If you just want to feel good about how the Indianapolis Colts played Sunday, perhaps you don’t want to read this.
Yeah, on a Sunday afternoon when the Colts went on the road and kicked the living you know what out of Jacksonville 44-17 at EverBank Field, analysis starts with a bit of an advisory.
No question, there’s plenty of positives to accentuate. But there’s also a glaring negative, and I refuse to overlook it.
First, a quick synopsis of the positives. The offense clicked early with scores on all six of their first-half possessions. The defense pitched a shutout for a half, forcing three-and-outs the first three series.
A 30-0 halftime lead meant game over. We all knew that. Good for the Colts. They needed this win and didn’t take any chances. They overcame a few early mistakes and never gave the winless Jaguars any hope of being competitive.
Andrew Luck tied a career best with four touchdown passes. He completed 31-of-39 passes for 370 yards. Three of those eight incompletions were drops. Tight end Coby Fleener had two, one when he was wide open in the end zone, a sure touchdown.
Aside from that, though, it’s pretty obvious the passing game had the Jaguars breathless.
So you can imagine my surprise, sitting back in Indianapolis, when the quote email arrived and I started to scan the words from those involved and Colts head coach Chuck Pagano said, “Run game; when you can run the ball effectively, it opens up everything else in your offense.”
OK, I’m thinking, he’s just giving props because the Colts ran for 144 yards, 5 yards per carry. Those are strong numbers, indeed.
Pagano continued, “It opens up the play-action game and we had a couple of good plays off the play-action. To have the yards on the ground like we did and be efficient in that way, it opens up everything else for Andrew and the pass game.”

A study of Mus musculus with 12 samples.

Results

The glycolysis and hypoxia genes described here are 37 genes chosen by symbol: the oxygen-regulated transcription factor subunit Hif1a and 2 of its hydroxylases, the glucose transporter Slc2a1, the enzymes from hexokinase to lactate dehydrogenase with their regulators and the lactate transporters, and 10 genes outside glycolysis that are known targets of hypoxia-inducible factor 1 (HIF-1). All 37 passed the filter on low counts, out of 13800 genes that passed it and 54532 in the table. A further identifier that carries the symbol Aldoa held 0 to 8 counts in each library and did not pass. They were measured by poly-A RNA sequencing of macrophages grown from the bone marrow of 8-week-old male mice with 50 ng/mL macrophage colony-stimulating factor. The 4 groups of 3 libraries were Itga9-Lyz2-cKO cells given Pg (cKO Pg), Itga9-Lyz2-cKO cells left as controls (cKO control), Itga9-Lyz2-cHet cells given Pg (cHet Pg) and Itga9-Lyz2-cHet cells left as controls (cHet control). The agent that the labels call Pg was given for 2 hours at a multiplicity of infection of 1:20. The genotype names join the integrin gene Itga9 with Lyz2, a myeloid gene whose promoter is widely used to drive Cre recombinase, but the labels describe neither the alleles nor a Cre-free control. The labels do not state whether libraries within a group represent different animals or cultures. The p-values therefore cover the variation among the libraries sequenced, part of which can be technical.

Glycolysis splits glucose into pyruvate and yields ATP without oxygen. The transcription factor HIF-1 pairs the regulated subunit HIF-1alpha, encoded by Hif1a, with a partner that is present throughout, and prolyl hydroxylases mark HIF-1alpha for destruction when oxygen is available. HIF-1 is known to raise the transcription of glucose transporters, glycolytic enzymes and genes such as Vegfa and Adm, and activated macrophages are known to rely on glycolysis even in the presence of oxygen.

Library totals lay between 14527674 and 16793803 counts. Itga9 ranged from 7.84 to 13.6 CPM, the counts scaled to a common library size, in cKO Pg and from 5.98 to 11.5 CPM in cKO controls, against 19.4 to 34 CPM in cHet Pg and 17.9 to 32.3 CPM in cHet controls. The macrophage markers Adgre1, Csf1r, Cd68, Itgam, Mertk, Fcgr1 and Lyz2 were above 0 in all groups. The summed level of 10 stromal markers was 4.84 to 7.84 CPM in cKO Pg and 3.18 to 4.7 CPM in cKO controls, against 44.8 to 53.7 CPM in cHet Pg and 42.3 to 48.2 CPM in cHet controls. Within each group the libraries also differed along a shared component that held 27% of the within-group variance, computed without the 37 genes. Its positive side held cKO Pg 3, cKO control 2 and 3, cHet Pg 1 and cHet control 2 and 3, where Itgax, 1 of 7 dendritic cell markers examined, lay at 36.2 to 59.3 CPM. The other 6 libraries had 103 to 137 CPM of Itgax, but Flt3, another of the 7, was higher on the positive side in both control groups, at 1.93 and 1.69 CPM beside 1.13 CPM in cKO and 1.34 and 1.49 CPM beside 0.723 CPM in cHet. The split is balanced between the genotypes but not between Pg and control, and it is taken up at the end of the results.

The head starts to shake. No, coach, it’s the other way around. The Colts throwing the ball opened up run lanes. Am I delusional in my thinking?
The memory can be foggy, so I went back to the play-by-play online. No, it’s exactly as I remembered it.
Three times on the opening drive, the Colts handed off to Trent Richardson on first-and-10 plays. He gained a total of 5 yards. The one time they threw on first down, Luck hit T.Y. Hilton for 9 yards.
That’s not establishing the run. That’s realizing the Colts must pass to set up the run.
Ahead 3-0, the Colts got the ball back and looked to throw the ball five consecutive plays. Luck had to scramble once for 2 yards. The other four plays gained 29 yards. Then Richardson ripped off a 27-yard run. It was only after the Colts passed all over the place that the Jaguars had to back off and try to defend the pass that Richardson had room to run.
Looking at third-and-5 at the Jaguars’ 6, Luck hit running back Ahmad Bradshaw out of the backfield for the 6-yard TD pass to make it 10-0.
You see what’s happening here?
When the Colts got the ball back, the trend continued. On first down, Luck threw and completed a 22-yard pass to Dwayne Allen. Then they tried to play smash mouth on first down with Bradshaw on first down and lost 1 yard.
So the Colts went back to what works, three consecutive passes gained 45 yards. That backed the Jaguars off and allowed Bradshaw to run for 9 yards. Then Luck finished up with a 1-yard TD pass to Allen.
No need to keep reciting play-by-play. I think the point is obvious.
In the first half, the Colts tried to run the ball 11 times on first down. They gained 34 yards. Eight of those carries gained 3 yards or less.
In those same two quarters, the Colts passed 10 times on first down. Those plays gained 143 yards, an average of 14.3 yards per play, with one TD pass.
The reality is the Colts could have called pretty much whatever they wanted and probably still beat the Jaguars, who have been outscored 119-44 in three games. But this wasn’t about just lining up helmet-on-helmet and slamming away with the run.
The Colts still sound stubborn about accepting the reality that Luck’s passing sets up everything else. I mean, he completed at least two passes apiece to nine different pass catchers. You can’t spread the ball around better than that.
So while the much-needed win was secured with ease, let’s not forget the big picture. When the Colts play a good team, a playoff team like the ones they lost to the previous two weeks, they would be wise to play to their strength.
One half of football proved that Sunday. And unless the Colts’ braintrusts eventually accept that, they’re going to lose some games again because of this stubborn belief that everything starts with running the ball.
It does not, plain and simple.
Phillip B. Wilson can be found on Twitter (@pwilson24), Facebook and Google+.